605 Hennepin Avenue,
It was opened in 1916, and designed in Neo-Classcial style, with an auditorium that had murals on its side walls depicting scenes from the French countryside between sets of arches. A set of chandeliers hung from the ceiling, and it contained one of the largest pipe organs in Minneapolis, prior to the building of the large palaces a few years later.
In its early years, the Aster Theatre was the place to see the latest Charlie Chaplin comedy, being the exclusive Twin Cities theater to premiere Chaplin’s films.
By 1926 it was operated by the Finkelstein & Ruben chain. The Aster Theatre was wired for sound in 1929, later than most of its larger neighbors, but when it was, it was said to have some of the best acoustics in Minneapolis. Around the same time, it was modernized, and received a new marquee, lit up with hundreds of light bulbs, as well as new carpeting and projection equipment.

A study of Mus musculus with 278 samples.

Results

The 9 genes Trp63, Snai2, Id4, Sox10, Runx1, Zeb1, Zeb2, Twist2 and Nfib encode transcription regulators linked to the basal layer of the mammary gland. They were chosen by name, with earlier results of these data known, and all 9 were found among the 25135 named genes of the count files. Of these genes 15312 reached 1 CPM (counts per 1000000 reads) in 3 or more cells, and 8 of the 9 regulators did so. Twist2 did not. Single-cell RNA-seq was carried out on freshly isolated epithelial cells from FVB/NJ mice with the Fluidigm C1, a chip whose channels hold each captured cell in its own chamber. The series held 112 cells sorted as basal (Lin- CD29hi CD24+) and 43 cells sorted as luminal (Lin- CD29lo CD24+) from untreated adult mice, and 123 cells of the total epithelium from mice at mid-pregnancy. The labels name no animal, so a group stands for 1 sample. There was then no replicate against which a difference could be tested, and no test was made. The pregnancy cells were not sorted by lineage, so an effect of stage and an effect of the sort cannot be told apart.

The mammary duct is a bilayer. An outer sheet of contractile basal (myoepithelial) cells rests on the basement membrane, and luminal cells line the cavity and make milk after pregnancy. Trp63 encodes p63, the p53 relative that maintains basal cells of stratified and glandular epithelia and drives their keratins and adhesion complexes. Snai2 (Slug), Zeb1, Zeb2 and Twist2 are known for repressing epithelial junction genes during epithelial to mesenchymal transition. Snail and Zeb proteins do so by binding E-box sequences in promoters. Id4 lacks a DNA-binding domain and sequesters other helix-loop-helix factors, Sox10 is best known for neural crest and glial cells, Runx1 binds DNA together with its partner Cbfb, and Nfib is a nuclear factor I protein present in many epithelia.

In order to keep up with the ever-larger and more extravagant movie palaces up and down Hennepin Avenue, starting in the mid-1930s, the Aster Theatre featured many gimmicks to draw in patrons, including a double bill of “Frankenstein” and “Dracula” in 1938. The Aster’s management offered $25 to any young woman who could sit all the way through both movies.
Second-run and double features in the 1940’s, 1950’s and 1960’s gave way to adult movies by the late-1960’s and 1970’s, and the Aster Theatre became one of the most well-known adult houses in the city. By the time it closed in 1979, the Aster Theatre was just another seedy, run-down porno house. It has since been demolished.